Her off-grid home solar system, complete with a large lead-acid battery pack storage unit installed in 2015, provides 100 percent of her electricity for her driving and 100 percent of her home electricity needs.
In a feature story about her published by the Australian Broadcasting Corporation (ABC), the former farmer notes that her passion for the environment and her late husband Rod’s interest in technology inspired the couple to pursue a more sustainable lifestyle at their property near Calliope in central Queensland, Australia.
They started by installing 32 solar panels, but after adding air conditioning and an electric car into the mix, they ended up needing 12 more.
“We’ve got 44 altogether now — except if there’s a long wet week, I’m fine,” Wilson says in the story published by ABC (Australia).
Wilson and her late husband Rod wanted to prove a point when they decided to live off the grid and convert their property to solar power.
“We were both trying to prove a point — we believed in it, but could we do it? And that’s what we proved, that we can and very happily live [off the grid].”
Within a few years, she and Rod Wilson did a 20,000-kilometer, three-and-a-half-month journey around Australia in her Tesla electric car with charging costs of just $150 for the entire trip, according to ABC.
“It was 110 days and most of the places we stayed were very happy for us to charge the car there,” she tells ABC.
Wilson said the expense of installing solar panels and buying an electric car have been worth the benefits.
“The setup cost is there; it’s a bit like insurance, you invest in the future with insurance and it’s the same with solar and with an electric car. Once you get over the hassle of thinking about the money you’ve got to spend to do it, it’s very easy, it’s very cost effective,” she notes to ABC. “[The solar panels] cost me a lot to set up but it costs me nothing to run.”
She has had to spend almost no money on maintenance of her Tesla Model S.
“I haven’t spent much money, it hardly needs a service, it’s magic,” she notes in the ABC story. “There’s so many fewer moving parts in an electric car than there are in an internal combustion engine.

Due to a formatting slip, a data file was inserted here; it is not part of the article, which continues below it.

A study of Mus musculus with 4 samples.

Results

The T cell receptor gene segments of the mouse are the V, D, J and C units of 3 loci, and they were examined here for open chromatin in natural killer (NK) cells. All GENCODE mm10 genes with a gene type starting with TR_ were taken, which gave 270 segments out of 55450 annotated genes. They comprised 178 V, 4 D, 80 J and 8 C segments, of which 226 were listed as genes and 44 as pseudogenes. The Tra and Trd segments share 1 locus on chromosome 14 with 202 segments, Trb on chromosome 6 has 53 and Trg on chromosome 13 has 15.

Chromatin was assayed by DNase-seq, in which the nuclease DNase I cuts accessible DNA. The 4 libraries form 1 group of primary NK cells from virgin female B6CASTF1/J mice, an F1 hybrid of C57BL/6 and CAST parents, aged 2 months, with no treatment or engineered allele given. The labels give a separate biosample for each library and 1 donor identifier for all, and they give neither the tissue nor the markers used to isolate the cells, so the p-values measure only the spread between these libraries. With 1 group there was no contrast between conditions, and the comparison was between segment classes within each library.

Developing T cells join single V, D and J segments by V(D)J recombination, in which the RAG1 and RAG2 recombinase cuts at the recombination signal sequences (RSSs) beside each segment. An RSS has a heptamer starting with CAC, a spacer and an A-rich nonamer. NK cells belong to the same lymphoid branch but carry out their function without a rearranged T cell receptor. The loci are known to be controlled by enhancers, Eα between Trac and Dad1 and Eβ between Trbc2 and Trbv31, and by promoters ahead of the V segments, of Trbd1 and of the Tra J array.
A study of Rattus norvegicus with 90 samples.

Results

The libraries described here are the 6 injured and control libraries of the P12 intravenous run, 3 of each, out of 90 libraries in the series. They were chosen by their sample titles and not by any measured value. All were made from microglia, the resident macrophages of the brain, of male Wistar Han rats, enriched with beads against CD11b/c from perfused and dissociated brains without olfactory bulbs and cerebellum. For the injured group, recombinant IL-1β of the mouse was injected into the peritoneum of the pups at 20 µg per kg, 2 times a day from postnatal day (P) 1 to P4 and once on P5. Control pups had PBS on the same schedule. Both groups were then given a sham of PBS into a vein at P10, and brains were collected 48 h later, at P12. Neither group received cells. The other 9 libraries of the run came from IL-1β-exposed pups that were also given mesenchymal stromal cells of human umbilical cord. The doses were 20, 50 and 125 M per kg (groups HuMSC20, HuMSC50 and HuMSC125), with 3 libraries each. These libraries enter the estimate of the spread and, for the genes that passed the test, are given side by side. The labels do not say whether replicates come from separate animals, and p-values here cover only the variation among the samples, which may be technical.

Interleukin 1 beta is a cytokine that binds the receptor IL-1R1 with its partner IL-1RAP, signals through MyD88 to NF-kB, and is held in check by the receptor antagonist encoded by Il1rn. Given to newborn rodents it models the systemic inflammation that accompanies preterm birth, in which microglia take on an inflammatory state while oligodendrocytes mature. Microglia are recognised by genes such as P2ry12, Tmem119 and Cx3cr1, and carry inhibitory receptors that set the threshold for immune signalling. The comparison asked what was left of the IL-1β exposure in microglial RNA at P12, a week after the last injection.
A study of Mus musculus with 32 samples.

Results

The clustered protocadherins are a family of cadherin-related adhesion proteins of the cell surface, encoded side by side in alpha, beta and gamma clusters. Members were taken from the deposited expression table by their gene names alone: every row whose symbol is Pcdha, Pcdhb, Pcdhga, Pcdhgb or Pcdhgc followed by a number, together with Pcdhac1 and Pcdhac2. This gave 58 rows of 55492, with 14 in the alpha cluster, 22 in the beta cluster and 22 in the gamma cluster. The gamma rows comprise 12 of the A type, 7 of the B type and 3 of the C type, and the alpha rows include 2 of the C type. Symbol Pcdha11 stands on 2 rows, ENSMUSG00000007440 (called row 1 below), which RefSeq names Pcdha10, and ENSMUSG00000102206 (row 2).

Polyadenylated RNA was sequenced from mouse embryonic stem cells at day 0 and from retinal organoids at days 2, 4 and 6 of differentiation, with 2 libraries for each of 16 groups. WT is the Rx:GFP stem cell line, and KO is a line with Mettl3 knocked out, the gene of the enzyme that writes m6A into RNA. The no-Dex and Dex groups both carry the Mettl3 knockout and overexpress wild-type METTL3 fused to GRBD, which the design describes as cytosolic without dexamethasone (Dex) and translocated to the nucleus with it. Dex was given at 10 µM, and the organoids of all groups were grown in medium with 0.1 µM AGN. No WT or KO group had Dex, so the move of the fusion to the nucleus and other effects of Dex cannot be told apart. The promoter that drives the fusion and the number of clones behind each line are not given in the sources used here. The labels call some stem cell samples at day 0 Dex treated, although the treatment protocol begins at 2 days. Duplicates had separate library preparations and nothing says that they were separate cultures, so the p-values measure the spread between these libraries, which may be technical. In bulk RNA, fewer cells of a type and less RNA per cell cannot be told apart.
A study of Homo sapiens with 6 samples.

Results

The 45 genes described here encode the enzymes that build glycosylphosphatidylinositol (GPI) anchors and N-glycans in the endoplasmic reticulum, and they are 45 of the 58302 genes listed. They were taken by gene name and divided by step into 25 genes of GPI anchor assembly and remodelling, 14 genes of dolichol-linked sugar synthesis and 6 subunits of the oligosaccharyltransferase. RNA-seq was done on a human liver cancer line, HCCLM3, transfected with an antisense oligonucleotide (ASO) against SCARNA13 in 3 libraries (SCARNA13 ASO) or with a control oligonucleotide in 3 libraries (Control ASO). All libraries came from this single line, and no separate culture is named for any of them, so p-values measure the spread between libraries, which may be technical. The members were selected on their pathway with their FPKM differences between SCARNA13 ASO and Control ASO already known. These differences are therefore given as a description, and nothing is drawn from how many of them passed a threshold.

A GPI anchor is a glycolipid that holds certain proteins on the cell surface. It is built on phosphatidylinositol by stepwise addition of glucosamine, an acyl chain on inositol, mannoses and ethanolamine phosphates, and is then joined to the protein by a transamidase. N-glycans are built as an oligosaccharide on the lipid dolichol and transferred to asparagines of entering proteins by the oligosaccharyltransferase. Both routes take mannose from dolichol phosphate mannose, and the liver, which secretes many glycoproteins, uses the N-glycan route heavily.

“Your cost of running the car is significantly lower, and of course when you’ve got solar, it reduces your power bill,” she adds.
The Wilsons liked the idea of pushing conventional boundaries, reports ABC.
“We were both trying to prove a point — we believed in it, but could we do it?” Wilson says. “And that’s what we proved, that we can and very happily live [off the grid].”
Her solar setup requires the use of a battery bank.
“It’s an old-fashioned setup now because we put it in in 2015, so they’re lead-acid batteries but hardly any maintenance has been required,” she tells ABC. “It’s been a good investment and it’s been a good experiment.”
Weather has rarely impacted her electricity system, Wilson notes.
“There’s been a couple of cyclonic influences that have made it overcast for five or six days, I’m lucky here that we’ve got other power on the property,” she tells ABC. “I can plug in somewhere else so it doesn’t bother me.”
While the couple spent a lot of money on their Model S and on the older lead acid battery system to store solar electricity generated by their system, Wilson notes that costs have come down significantly since 2015, when they first began their self-contained solar-charged approach.
Wilson says she and her husband were lucky to afford the car but she understood that price was a big factor for most people.
“Even just in three years since we’ve had the car, the price of solar and these cars are starting to come down,” she explains in the ABC feature piece. “It won’t be long before there’s a crossover point where the electric cars are not more expensive than a comparable internal combustion engine car — I would say within the next three to five years.